HC Deb 06 July 1961 vol 643 cc1649-51
44. Mr. Biggs-Davison

asked the Prime Minister when he expects Ministerial consultations with other Commonwealth Governments about the Common Market to be completed; what further action will be taken to ensure continued consultation with these Governments on future relations with continental Europe; and if he will make a further statement about Her Majesty's Government's policy with regard to the European Economic Community.

The Prime Minister

I expect that the United Kingdom Ministers will have concluded their visits to Commonwealth capitals by about 17th July. One of the matters included in the present discussions is naturally that of further consultation.

Mr. Biggs-Davison

Has not what we have already heard of the Ministerial consultations revealed the anguish throughout the Commonwealth at the possibility of any European arrangement which might weaken the ties between the oversea Commonwealth and Britain? In view of the necessity for the utmost Commonwealth and national unity in the face of threats to peace in the Middle East, Berlin and elsewhere, could not Her Majesty's Government seek to postpone a decision until there has been some relaxation of tension in the world and time to call a full Commonwealth Conference on this vital matter?

The Prime Minister

I take note of what my hon. Friend has said, but I would really prefer to await the possibility of discussing this matter with my colleagues when they return.

Mr. Shinwell

In view of the right hon. Gentleman's speech the other day, when he appeared to be soft-pedalling on this issue, and in view of the poor response met by the travelling Ministers, is it not about time that the Prime Minister scrapped this foolish idea?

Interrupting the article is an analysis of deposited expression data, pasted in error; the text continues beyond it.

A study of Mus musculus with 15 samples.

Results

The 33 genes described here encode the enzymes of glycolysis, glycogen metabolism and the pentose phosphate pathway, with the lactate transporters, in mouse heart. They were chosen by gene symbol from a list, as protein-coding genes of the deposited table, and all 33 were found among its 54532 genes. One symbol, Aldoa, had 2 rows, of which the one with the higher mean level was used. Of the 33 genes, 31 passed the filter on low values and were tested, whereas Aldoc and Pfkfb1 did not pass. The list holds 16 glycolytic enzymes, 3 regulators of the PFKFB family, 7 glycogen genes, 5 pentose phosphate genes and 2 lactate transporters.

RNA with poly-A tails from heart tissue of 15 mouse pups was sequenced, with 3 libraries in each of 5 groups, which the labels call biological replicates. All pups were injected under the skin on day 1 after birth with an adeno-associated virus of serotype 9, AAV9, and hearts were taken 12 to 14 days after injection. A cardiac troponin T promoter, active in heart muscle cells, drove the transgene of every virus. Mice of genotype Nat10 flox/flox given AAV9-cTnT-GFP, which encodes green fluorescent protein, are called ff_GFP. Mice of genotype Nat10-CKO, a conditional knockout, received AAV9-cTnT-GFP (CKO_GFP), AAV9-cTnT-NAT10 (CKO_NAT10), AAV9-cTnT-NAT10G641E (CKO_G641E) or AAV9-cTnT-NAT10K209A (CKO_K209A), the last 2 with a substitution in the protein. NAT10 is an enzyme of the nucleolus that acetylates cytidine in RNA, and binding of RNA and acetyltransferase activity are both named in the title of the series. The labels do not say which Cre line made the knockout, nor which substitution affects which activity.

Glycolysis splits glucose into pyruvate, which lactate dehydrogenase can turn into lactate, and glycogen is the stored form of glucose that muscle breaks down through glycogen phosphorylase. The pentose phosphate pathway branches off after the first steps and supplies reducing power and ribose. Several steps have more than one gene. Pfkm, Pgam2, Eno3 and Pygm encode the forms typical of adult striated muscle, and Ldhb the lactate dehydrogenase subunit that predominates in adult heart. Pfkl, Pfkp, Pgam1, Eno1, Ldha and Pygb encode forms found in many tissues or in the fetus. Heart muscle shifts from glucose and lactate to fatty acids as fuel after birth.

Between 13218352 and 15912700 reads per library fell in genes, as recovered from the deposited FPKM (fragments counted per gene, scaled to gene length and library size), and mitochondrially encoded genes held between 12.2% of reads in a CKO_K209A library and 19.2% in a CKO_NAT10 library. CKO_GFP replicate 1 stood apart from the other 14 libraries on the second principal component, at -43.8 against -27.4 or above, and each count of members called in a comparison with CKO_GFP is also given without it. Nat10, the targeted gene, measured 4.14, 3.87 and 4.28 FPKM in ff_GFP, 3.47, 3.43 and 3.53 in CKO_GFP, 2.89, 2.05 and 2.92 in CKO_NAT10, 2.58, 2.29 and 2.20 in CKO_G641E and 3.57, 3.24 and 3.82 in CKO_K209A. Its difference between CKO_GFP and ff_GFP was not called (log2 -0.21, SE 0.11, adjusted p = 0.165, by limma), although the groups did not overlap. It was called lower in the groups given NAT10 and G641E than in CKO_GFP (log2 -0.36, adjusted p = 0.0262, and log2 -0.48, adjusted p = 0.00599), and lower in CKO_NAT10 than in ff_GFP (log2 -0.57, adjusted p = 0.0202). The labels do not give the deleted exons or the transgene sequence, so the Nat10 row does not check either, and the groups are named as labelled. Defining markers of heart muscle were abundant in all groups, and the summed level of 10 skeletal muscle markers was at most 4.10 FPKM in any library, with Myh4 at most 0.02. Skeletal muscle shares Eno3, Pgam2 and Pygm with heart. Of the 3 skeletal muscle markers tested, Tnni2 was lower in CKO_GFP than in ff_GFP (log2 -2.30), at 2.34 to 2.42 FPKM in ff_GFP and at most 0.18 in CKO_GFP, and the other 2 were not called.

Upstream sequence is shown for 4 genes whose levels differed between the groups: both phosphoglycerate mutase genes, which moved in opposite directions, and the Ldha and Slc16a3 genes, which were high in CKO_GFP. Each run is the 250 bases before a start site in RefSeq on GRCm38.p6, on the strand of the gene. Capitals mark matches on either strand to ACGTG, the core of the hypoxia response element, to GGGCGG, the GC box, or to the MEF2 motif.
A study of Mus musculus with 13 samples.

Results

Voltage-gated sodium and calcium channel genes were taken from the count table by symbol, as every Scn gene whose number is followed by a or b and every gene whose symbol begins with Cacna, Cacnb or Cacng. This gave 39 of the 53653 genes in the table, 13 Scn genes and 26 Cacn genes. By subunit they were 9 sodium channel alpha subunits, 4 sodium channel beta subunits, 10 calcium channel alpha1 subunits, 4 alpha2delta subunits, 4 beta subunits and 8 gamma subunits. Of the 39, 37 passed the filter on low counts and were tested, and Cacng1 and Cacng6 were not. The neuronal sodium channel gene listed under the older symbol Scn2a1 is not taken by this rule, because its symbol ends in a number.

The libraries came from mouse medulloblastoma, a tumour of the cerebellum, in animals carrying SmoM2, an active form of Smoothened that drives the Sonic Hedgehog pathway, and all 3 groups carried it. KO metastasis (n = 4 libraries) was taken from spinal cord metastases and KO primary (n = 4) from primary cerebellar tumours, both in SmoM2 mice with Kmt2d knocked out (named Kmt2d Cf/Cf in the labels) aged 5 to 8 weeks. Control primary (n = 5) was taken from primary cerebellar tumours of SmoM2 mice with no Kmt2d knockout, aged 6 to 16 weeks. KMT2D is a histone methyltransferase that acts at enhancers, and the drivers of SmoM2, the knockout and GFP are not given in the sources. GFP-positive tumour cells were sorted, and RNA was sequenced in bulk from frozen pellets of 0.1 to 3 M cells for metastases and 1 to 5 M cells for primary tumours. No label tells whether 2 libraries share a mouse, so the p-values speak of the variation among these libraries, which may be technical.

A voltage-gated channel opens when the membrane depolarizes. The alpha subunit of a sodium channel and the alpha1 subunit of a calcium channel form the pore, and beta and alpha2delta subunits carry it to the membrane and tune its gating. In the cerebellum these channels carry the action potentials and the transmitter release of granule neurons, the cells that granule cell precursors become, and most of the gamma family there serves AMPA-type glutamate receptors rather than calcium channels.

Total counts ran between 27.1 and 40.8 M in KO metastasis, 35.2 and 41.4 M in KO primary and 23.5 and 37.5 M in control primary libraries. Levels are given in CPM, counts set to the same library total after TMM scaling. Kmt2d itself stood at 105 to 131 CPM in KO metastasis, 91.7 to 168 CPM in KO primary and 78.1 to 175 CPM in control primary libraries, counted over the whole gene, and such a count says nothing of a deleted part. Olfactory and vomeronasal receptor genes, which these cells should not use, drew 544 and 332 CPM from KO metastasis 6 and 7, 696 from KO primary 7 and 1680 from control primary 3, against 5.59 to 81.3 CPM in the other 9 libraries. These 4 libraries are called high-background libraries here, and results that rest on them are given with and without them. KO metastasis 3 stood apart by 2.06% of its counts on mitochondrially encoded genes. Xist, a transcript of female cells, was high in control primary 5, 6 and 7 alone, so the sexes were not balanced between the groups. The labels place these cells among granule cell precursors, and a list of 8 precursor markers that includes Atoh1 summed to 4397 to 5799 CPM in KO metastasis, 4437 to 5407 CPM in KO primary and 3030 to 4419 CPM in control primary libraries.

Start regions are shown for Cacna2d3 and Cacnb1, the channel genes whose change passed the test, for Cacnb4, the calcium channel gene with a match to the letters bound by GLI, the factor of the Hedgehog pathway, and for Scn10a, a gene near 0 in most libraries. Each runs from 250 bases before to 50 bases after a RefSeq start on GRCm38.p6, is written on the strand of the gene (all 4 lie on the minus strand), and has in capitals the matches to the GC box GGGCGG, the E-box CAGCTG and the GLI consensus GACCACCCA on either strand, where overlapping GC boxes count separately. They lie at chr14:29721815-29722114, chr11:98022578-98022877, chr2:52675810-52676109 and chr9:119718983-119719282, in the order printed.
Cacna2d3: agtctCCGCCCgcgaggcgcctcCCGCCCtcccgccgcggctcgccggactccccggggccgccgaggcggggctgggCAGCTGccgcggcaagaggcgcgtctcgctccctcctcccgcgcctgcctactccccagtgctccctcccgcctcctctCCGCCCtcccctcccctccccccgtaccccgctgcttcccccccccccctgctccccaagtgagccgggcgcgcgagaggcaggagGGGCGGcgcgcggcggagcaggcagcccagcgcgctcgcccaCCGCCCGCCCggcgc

The Prime Minister

The right hon. Gentleman is entitled to his views, but I really think that he takes this great issue rather too lightly.

Mr. Lindsay

Are there not a large number of outstanding Commonwealth statesmen, Mr. Menzies and Lord Casey, for example, who have expressed full understanding of the British position and confidence in the way in which we shall handle the matter?

The Prime Minister

Yes, Sir. I think we really must be careful to try to treat the matter in as statesmanlike a way as we can and neither to exaggerate the difficulties nor to underrate them.

Mr. Healey

As Her Majesty's Government last week agreed at the E.F.T.A. Council meeting that they would not conclude any agreement with the Common Market countries until all the other members of E.F.T.A. were prepared to conclude their agreements with the Common Market countries, can the Prime Minister give an assurance to the House that Her Majesty's Government will not conclude an agreement with the Common Market countries until all the Commonwealth Governments have given their consent to such an agreement?

The Prime Minister

I do not know about consent to every detail, but the question that we have first to consider is whether and on what basis the negotiations should begin. That is really what has to be discussed; and as a final stage, of course, the consent of the House and many other consents will have to be given.